Wheel bands, Lug nuts...
Grills, body kits..
Dash kits, shifters, gauges...
The Eagle name was taken from the AMC Eagle, the last of AMC's
completely US-designed vehicles. The Jeep/Eagle division of Chrysler Corporation was formed after Chrysler's 1987 buyout of American Motors. The vehicles were marketed primarily by AMC dealers along with Jeep products.
Unlike Chrysler, Dodge, Plymouth and Jeep automobiles, Eagles eschewed the Chrysler Corporation "pentastar" logo. Instead, all models prominently featured the Eagle logo, seen at the top right.
The remainder of the brand's cars were simply rebadged versions of cars sold by other Chrysler Corporation divisions, as well as some captive imports produced by Mitsubishi Motors.
Throughout its history, the Eagle brand suffered from a lack of product recognition. Most of its product range was marketed under different guises by Chrysler and Mitsubishi. Corporate marketing budgets were also primarily allocated to these other models. On the other hand, the Jeep/Eagle Division's efforts were concentrated on the highly successful Jeep models.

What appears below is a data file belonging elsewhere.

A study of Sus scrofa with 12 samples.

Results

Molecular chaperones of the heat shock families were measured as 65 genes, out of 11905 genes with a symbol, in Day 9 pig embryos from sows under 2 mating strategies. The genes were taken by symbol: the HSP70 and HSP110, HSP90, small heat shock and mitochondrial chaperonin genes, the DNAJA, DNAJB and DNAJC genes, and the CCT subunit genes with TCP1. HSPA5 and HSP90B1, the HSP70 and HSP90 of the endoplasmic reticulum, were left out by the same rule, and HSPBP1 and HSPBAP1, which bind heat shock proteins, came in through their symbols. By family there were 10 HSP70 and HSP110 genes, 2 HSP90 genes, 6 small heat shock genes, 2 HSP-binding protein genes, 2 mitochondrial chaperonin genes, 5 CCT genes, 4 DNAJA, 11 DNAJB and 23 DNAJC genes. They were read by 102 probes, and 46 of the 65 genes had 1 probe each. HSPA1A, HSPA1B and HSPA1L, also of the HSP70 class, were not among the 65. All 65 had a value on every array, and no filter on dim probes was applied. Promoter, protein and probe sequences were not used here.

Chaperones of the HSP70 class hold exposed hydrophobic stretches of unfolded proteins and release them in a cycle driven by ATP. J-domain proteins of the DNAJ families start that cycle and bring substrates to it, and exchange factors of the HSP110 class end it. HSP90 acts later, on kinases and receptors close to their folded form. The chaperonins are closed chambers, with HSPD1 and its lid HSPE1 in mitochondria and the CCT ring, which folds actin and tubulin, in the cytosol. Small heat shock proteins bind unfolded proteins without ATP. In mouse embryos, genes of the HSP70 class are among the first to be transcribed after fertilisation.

Moreover, many of the long-established Jeep/Eagle dealers considered the Eagle line of passenger cars to be less profitable than their Jeep business. Their sales and service expertise was primarily in the 4WD Jeeps and AMC's Eagle AWD models. Furthermore, following Chrysler's acquisition of AMC, there was a realignment of the dealer network.
One objective was to fold in the stand-alone Jeep and Eagle dealers with Chrysler franchises
in the hope that the Jeep line would not only make them more competitive in
the rapidly growing SUV market segment and place them on more equal footing with Dodge dealers.
Unfortunately, this was too little, too late and, after a decade of slow sales, Chrysler Corporation discontinued the Eagle brand in 1998.
The Eagle Vision's successor became the Chrysler 300M in 1999.